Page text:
Power firm Northern Powergrid Holdings is bracing itself for an 18% fall in revenues within its North East subsidiary as a result of Ofgem rules.
The group – parent company to electricity managers Northern Powergrid North East (NPg Northeast) and Northern Powergrid Yorkshire (NPg Yorkshire), engineering contractors IUS, hydrocarbon permit business CE Resorces and Northern Powergrid Metering Ltd – has published accounts showing a 13% rise in sales to £817.6m in 2014.
In this financial year, however, the group predicts a dip in revenues as result of Ofgem pricing proposals, which follow criticism from the Competition and Markets Authority (CMA) suggesting households are overpaying.
Northern Powergrid is among firms recently granted permission to appeal against the regulator’s ruling on price controls for electricity suppliers, rulings which also require power network operators to spend £17bn to upgrade and maintain the UK’s electricity network.
A report accompanying the accounts states the appeal should conclude in the last quarter of 2015.
In the meantime, the report says: “Under Ofgem proposals NPg Northeast’s base allowed revenue will decrease by approximately 18% and NPg Yorkshire’s by 12% in the regulatory year to March 31 2016, before the addition of inflation, as measured by the Retail Prices Index, in order to derive the final price change.”
The accounts show operating profit for the group rose 13.4% in 2014, from £366m to £415.6m, and employee numbers also rose, from 2,413 to 2,518.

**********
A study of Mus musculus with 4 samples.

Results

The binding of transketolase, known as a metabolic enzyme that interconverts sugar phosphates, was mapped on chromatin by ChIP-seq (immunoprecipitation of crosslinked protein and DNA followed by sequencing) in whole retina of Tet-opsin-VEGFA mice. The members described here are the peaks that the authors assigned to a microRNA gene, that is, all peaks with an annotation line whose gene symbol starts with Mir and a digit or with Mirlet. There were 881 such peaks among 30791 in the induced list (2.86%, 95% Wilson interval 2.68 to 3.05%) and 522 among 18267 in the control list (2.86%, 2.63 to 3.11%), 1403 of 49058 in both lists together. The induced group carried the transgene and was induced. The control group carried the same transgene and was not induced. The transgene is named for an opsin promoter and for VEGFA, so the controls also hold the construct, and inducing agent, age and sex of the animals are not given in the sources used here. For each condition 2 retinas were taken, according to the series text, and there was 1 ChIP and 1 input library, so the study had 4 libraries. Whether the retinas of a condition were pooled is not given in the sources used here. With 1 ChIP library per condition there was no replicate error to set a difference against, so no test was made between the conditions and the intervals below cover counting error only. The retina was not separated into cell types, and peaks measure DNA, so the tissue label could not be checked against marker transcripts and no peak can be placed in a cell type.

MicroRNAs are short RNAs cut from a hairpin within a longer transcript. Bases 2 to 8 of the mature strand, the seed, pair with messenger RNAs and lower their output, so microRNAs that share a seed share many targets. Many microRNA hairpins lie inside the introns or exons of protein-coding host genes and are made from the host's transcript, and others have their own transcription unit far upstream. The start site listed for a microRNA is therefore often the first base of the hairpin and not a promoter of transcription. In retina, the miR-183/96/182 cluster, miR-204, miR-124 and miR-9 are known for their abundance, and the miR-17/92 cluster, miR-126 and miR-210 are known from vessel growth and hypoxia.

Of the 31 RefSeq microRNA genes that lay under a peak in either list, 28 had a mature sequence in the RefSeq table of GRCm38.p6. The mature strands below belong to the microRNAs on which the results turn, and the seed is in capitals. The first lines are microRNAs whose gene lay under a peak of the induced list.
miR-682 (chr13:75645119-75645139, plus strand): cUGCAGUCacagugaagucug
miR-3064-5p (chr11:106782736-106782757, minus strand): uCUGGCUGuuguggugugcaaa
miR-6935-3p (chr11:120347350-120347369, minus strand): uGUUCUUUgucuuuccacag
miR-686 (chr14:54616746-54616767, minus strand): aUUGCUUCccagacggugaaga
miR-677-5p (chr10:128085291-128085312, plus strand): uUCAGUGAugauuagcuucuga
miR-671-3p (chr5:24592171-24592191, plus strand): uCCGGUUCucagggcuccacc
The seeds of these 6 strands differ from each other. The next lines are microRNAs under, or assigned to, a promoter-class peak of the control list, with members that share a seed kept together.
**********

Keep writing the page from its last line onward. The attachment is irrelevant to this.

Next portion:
The group’s core service of providing and maintaining the distribution network saw it invest £450.4m to improve the network over the year – a record amount which topped the previous year’s record spend of £441.7m.
A new Field Operations structure was also brought in last year, tailoring its services and responses to customers through new operating zones covering main conurbations, including Tyne and Wear, industrialised areas and rural areas.
During the year, Northern Powergrid Northeast also worked in partnership with British Gas, Durham University, Newcastle University and EA technology on its major project under Ofgem’s Low Carbon Networks Fund, known as the Customer-Led Network Revolution.
The group, which will incur expenditure of £31m on the project, said: “The project assessed the potential for new network technology and flexible customer response to facilitate speedier and more economical take-up by customers of low-carbon technologies, and the connection to the distribution network of increasing amounts of low-carbon or renewable energy generation.
“The scale of the project’s output was such that Ofgem agreed to extend the project to four years in order to ensure that the quality of learning delivered is relevant.”
Separate accounts for Northern Powergrid North East, which serves 1.6m customers, showed revenues rose by £48.6m to £359.5m, while operating profit went up by £30.8m to £171.4m.
Within NPg North East, which employs 1,082 people, an interim dividend of £30m was paid out and directors recommend that no final dividend is paid.
The highest paid director at NPg North East received £517,000 in 2014 – an £18,000 pay hike compared to the year before.
The group report added: “The directors intend that Northern Powergrid will continue to develop its business by operating that business with the goal of efficiently investing in the network and improving the quality of supply and service provided to customers.